Chana Morgenstern

Brown University | Providence, RI, USA

A Literature for all its Citizens: Popular Arabic Resistance Literature in 1950s Palestine/Israel

My paper, “The Real Nation: Popular Arabic Resistance Literature in 1950’s Palestine/Israel,” interrogates the pursuit of an anti-Zionist popular Arabic literature by Palestinian and Arab Jewish intellectuals in the communist cultural magazine al-Jadid. In 1953, Palestinian intellectual Hana Naqara ushered the magazine into the world with the following invocation: “The people’s literature won’t be stopped by the military government, and its spread won’t be stopped by force or the restriction of movement, for it is the only infiltrator whose breathe cannot be frozen by a gun!” (al-Jadid 1 (1953)) These words spoke directly to al-Jadid’s project of utilizing the subversive power of literature to presence the absent bodies of expelled Palestinians and the silenced voices of workers and colonial subjects, through the publication of their historical, political and literary narratives. In light of the symposium’s inquiry into “Palestinian cultural mobilization and its relationship to struggles for survival and liberation” I examine how al-Jadid emerged as a counter-institution that sought to chronicle and promote popular narratives of resistance.

Following a critical interrogation of Soviet and Arab Marxist discourses on the notion of the popular that proliferated in the magazine, I specifically explore the magazine’s attempts to develop a local “people’s literature,” fiction that focused on the communities that comprised what intellectuals coined “the real nation.” The narratives of this antination functioned as a radical alternative to the Zionist national narrative, and included short stories chronicling the experiences of those living on the margins of the Israeli state. The focus was primarily on Palestinian refugees and communities living under military governance, but also on Palestinian and Jewish workers and Arab Jewish residents of the government transit camps. In this, al-Jadid was the only major cultural project that sought to establish links between the ethnic and class oppression of Palestinian and Arab Jewish communities, providing a critical example of “the collaboration between antiZionist Israeli-Jewish and Palestinian activists and artists” that the symposium seeks to interrogate. Through a close reading of short stories and literary criticism by Emile Tuma, Emile Habibi, Hana Naqara, Sami Michael and others, I examine three specific approaches that al-Jadid intellectuals used in their formation of popular literature: social documentary vis-à-vis the style of socialist realism, narrative and formal strategies that sought to expose the intersections of nationalism, class, and imperialism, and a utilization of literature as a tool of political action and empowerment.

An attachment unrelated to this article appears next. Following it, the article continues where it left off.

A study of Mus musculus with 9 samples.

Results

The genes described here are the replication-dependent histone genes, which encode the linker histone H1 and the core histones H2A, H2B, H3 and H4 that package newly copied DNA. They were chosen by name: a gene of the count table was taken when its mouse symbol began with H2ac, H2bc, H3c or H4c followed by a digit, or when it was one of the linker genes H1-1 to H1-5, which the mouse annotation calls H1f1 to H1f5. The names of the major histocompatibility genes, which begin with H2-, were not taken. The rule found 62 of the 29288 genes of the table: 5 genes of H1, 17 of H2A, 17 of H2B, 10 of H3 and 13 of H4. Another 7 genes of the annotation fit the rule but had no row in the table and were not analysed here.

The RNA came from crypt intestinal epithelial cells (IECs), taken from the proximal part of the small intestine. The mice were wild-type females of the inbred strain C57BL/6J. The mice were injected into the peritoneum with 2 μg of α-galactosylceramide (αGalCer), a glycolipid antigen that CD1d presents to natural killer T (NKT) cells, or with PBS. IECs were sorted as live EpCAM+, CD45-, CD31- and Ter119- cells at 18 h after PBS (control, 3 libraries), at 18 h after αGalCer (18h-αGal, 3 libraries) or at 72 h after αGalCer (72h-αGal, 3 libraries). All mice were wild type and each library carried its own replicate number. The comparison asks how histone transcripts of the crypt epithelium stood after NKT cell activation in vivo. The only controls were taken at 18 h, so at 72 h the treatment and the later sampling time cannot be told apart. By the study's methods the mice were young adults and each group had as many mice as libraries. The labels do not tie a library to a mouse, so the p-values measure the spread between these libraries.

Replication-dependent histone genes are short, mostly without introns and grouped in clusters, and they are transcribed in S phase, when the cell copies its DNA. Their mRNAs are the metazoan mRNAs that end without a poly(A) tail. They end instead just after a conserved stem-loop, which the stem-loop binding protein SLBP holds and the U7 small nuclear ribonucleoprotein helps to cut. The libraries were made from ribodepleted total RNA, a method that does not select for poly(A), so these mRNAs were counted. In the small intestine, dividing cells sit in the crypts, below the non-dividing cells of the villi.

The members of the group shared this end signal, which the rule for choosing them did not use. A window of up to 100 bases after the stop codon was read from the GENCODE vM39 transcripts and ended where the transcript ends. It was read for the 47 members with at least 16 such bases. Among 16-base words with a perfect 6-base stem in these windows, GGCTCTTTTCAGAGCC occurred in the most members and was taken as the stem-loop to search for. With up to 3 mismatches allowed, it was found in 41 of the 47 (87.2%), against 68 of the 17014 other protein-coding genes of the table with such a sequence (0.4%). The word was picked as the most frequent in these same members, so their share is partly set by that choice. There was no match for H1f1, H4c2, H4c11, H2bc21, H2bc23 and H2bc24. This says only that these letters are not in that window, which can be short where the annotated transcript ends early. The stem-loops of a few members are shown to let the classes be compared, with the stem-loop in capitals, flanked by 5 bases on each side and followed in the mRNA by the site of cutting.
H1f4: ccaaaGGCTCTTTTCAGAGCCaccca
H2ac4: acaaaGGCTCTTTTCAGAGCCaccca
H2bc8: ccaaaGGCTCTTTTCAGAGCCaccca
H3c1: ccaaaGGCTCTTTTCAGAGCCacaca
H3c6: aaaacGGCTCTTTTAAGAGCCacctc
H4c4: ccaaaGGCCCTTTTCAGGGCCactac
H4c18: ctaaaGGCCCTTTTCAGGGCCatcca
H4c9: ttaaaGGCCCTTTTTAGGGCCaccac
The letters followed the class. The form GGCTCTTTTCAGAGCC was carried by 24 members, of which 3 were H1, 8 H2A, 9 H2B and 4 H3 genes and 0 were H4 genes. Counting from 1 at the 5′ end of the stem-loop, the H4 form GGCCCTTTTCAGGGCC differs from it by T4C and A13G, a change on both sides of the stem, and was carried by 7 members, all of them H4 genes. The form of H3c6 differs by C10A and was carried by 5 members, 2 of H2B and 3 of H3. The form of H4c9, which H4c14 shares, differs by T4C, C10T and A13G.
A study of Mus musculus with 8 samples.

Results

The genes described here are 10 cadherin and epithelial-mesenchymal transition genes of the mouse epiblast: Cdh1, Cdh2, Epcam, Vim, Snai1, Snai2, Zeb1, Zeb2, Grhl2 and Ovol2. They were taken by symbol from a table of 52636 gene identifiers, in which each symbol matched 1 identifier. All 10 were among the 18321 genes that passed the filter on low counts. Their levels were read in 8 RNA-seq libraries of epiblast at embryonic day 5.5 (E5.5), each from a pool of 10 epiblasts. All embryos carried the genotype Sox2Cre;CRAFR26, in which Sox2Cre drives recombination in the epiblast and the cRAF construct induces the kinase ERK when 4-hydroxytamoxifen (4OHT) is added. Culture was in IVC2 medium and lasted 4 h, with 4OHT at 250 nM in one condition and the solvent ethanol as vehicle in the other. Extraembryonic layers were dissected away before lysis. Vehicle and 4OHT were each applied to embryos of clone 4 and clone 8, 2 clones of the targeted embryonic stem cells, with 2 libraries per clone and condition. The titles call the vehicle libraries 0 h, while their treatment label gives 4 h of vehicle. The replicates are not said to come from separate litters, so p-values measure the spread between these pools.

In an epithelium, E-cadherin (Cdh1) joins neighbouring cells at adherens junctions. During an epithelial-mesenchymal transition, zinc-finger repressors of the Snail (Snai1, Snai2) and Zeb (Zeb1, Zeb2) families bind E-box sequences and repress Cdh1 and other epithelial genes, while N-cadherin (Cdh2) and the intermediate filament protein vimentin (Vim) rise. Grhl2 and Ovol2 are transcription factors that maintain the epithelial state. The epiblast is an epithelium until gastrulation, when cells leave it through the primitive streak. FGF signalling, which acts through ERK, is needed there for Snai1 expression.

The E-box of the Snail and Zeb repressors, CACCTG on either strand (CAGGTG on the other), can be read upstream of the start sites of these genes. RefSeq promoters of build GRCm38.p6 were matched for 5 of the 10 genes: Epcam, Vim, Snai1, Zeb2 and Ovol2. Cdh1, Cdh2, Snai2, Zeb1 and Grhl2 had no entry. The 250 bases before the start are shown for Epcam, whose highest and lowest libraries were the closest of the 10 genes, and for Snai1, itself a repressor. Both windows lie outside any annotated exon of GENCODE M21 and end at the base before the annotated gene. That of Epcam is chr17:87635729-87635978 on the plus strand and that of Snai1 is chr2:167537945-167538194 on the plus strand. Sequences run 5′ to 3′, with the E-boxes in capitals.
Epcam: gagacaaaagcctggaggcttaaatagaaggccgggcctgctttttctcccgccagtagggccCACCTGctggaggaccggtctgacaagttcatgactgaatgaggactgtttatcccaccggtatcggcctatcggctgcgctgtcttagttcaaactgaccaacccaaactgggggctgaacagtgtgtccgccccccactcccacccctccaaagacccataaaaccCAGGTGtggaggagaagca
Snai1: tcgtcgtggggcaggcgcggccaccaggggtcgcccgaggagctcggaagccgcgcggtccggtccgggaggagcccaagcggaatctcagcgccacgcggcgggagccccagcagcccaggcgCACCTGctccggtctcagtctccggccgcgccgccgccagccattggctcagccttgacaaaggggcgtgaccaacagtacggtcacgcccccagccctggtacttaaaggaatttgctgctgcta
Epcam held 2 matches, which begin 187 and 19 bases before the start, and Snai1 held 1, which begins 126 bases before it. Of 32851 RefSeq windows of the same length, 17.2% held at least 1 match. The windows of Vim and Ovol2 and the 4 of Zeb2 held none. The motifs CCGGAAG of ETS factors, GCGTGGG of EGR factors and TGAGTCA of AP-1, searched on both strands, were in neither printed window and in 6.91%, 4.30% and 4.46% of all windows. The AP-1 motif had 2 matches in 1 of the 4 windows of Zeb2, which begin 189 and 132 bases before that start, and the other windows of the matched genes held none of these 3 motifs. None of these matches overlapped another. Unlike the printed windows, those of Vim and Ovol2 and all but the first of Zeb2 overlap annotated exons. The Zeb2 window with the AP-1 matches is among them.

This example of literature’s radical potential to undermine the Zionist national hegemony speaks directly to what the symposium characterizes as “the role that artistic, literary, and other cultural practices play in producing “politics” under conditions of systemic violence, alienation, and disenfranchisement.” By looking at the vital questions of literature, popular narrative and political mobilization in the years after 1948, the study charts the territory where Palestinian political culture and the culture of Palestinian politics intersect.